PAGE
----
Exhaust fumes are a massive contributor to air pollution. It’s therefore hard to believe that despite the huge number of drive through restaurants across the UK, the level of exhaust pollutants next to the serving hatches and the potential impact on the health and well-being of restaurant employees serving from them has never been fully measured and assessed…until now!
This investigation set out to show how drive thru workers are being exposed to peaks in major air pollutants well in excess of legal limits using data gathered, scrutinised and presented as part of an 18 month long project.
This report was developed by the BBC in conjunction with Coventry University to gather data in an area as yet unexplored – the impact of pollution on drive thru workers,
The findings, presented both in the form of an academic study and as a broadcast report, were transmitted by the BBC across England using datasets gathered at 10 locations to provide a region by region snaphot of issues related to drive thru outlets in those localities reaching a linear audience of around 3 million people across a broad demographic on BBC1.
More significantly it led to MPs tabling an early day motion in parliament calling for better understanding of the potential threat of pollution to drive thru workers on the basis of the data gathered, calls by trade unions for better worker protection across the drive thru sector and a commitment from at least one of the operators featured to reassess its working practices in light of the findings.
The subject matter was also picked up by other media outlets both within and outside the BBC and has gone on to promote further discussion both within academic circles and across the commercial world.
This was a labour intensive project requiring the use of commercial air monitoring equipment mounted on two vehicles which were parked adjacent to the serving hatches of drive thru restaurants and left in situ for two week periods at a time.
The data was gathered using AQMesh commercial monitors which use a small sensor to measure outdoor air quality, offering real-time localised air quality information and data analysis via a cloud based server.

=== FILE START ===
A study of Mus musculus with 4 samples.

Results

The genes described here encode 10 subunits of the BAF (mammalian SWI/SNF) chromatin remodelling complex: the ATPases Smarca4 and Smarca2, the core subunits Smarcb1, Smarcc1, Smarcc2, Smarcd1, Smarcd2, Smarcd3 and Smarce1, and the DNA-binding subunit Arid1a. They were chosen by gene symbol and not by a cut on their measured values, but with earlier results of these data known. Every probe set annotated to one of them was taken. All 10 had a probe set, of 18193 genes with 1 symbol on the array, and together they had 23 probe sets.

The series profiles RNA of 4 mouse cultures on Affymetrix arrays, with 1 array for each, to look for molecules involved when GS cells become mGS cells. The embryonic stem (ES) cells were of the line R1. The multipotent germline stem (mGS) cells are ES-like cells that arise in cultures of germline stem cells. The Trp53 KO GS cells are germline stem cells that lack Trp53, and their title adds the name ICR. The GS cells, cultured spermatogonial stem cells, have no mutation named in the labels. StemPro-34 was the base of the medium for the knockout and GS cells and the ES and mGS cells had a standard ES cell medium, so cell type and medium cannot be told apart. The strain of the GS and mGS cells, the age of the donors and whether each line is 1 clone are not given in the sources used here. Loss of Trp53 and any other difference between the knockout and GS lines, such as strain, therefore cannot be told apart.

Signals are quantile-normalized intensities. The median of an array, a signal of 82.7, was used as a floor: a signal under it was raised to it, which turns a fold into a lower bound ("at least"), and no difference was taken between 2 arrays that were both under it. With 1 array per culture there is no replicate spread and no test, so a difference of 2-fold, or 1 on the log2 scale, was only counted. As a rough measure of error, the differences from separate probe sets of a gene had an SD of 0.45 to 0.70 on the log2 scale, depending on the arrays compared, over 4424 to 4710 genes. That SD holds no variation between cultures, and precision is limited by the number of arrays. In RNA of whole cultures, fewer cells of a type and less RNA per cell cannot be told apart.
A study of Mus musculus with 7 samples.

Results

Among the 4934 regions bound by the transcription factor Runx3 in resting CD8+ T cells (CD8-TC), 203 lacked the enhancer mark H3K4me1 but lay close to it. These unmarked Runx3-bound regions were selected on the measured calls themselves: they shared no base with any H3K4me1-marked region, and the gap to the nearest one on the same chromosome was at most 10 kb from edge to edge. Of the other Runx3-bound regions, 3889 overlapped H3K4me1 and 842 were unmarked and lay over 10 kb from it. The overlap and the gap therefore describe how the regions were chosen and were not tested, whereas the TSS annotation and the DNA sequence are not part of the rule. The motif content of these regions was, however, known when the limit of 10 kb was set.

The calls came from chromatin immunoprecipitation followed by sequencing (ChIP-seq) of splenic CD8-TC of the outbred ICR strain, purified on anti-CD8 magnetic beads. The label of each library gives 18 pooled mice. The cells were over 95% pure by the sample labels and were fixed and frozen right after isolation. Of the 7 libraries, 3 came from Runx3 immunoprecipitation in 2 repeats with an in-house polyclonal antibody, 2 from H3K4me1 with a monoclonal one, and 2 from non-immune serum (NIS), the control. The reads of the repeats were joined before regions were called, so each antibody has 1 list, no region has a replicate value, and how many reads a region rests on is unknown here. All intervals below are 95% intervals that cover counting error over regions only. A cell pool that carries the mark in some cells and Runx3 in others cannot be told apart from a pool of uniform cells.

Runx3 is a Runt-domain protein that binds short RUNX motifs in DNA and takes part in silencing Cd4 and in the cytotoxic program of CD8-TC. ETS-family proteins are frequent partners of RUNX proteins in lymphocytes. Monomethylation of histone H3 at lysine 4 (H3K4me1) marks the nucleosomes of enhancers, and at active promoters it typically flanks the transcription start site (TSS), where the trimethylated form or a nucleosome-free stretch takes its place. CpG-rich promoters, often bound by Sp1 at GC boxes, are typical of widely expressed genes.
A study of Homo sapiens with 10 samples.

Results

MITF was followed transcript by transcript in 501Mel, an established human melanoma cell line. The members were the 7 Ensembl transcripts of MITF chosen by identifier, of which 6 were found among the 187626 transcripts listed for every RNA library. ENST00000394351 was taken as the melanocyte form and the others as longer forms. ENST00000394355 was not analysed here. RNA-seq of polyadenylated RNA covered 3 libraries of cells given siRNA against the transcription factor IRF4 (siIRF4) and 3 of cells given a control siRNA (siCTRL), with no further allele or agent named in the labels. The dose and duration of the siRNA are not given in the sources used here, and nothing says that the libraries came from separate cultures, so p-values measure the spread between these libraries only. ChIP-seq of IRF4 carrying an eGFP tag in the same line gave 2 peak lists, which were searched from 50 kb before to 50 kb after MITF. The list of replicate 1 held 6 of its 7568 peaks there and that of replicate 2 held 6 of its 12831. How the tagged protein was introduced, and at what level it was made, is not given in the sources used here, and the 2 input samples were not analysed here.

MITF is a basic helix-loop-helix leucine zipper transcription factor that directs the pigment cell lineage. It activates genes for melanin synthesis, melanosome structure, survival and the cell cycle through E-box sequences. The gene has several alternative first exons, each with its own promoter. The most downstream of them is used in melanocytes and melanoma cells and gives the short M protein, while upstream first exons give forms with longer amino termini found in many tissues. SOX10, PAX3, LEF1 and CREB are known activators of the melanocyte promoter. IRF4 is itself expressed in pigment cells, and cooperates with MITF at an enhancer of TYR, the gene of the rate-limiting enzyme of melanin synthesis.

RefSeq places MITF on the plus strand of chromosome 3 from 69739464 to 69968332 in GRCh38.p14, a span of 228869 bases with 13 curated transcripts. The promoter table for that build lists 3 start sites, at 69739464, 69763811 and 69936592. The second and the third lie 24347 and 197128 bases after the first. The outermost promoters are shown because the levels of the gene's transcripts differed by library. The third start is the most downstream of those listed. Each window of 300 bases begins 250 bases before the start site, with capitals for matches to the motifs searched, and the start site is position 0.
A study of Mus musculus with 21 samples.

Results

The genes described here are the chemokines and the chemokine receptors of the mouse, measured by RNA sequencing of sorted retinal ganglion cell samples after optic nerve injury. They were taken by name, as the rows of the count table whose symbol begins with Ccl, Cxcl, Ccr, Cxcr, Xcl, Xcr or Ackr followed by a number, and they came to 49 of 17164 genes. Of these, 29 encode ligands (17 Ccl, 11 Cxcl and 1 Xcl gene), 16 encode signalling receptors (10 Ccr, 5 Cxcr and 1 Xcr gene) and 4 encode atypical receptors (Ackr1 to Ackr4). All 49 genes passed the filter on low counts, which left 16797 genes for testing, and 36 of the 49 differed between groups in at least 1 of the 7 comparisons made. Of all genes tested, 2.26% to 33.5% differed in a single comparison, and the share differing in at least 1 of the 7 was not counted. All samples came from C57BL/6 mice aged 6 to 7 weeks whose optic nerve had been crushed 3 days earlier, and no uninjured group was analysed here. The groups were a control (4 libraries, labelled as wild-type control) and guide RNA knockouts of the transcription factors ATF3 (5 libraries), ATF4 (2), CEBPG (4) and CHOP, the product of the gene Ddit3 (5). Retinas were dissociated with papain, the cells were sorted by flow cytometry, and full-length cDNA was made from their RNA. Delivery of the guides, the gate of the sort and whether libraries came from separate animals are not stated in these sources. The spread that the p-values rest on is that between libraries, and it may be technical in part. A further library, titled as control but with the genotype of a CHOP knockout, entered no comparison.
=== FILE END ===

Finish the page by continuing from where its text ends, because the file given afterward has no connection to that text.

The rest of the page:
In order to facilitate data gathering without a power feed for two weeks in each location, these had to be custom designed with an internal rechargable battery to provide sufficient power to take an air sample every 15 minutes 24 hours a day across a two week period.
As the information was fed back to a remote server, the data could be looked at in almost real time allowing patterns to be identified early on.
What was the hardest part of this project?
This was a logistically difficult and time consuming exercise taking 18 months to complete and without the co-operation of any of the big drive thru operators we approached.
On that basis it had to be completed under their radar without raising suspicions while still gaining access to their premises.
To facilitate this, we custom rigged two vans with the air monitors described in the previous section. The intention was to place each van next to a drive thru window at one of ten drive thru locations across the country for two weeks at a time. This was particularly challenging because each location had to fulfil particular criteria, both from a data gathering and practical perspective.
The locations needed to have parking spaces which backed directly onto the drive through windows so that the air monitoring equipment was at exactly the same height and distance from the customers exhaust fumes as the worker at the serving hatch. This instantly ruled out a large number of locations and we had some difficulty finding suitable sites across the country.
From a practical perspective, we also had to find locations where the car park was not controlled by a private parking company which would either ticket or tow away our vans when left for long periods given that we were operating without the express permission of the drive thru company in question. This is turn ruled out a large number of additional sites. Nevertheless perseverence paid off and we managed to find locations with similar layouts which enabled us to gather data at multiple sites which could be compared..
What can others learn from this project?
This was a project that took a huge amount of commitment, determination and resolve to deliver, using limited resources to expose an apparent problem at some of the largest drive thru restaurant chains in the world.
What it shows is that anything is possible with the right attitude and by building effective collaborative relationships.
As we knew our data gathering methods and conclusions would likely be challenged by the big drive thru operators – which is precisely what happened – it was important that we worked with an academic partner to ensure that our findings would stand up to peer review.
Coventry University not only agreed to work with us but helped to fund the air monitoring equipment we’d need to use over an extended period of time.
This is just the latest in a long line of collaborations between BBC Birmingham and Coventry University showcasing the value of such partnerships in the field of data journalism.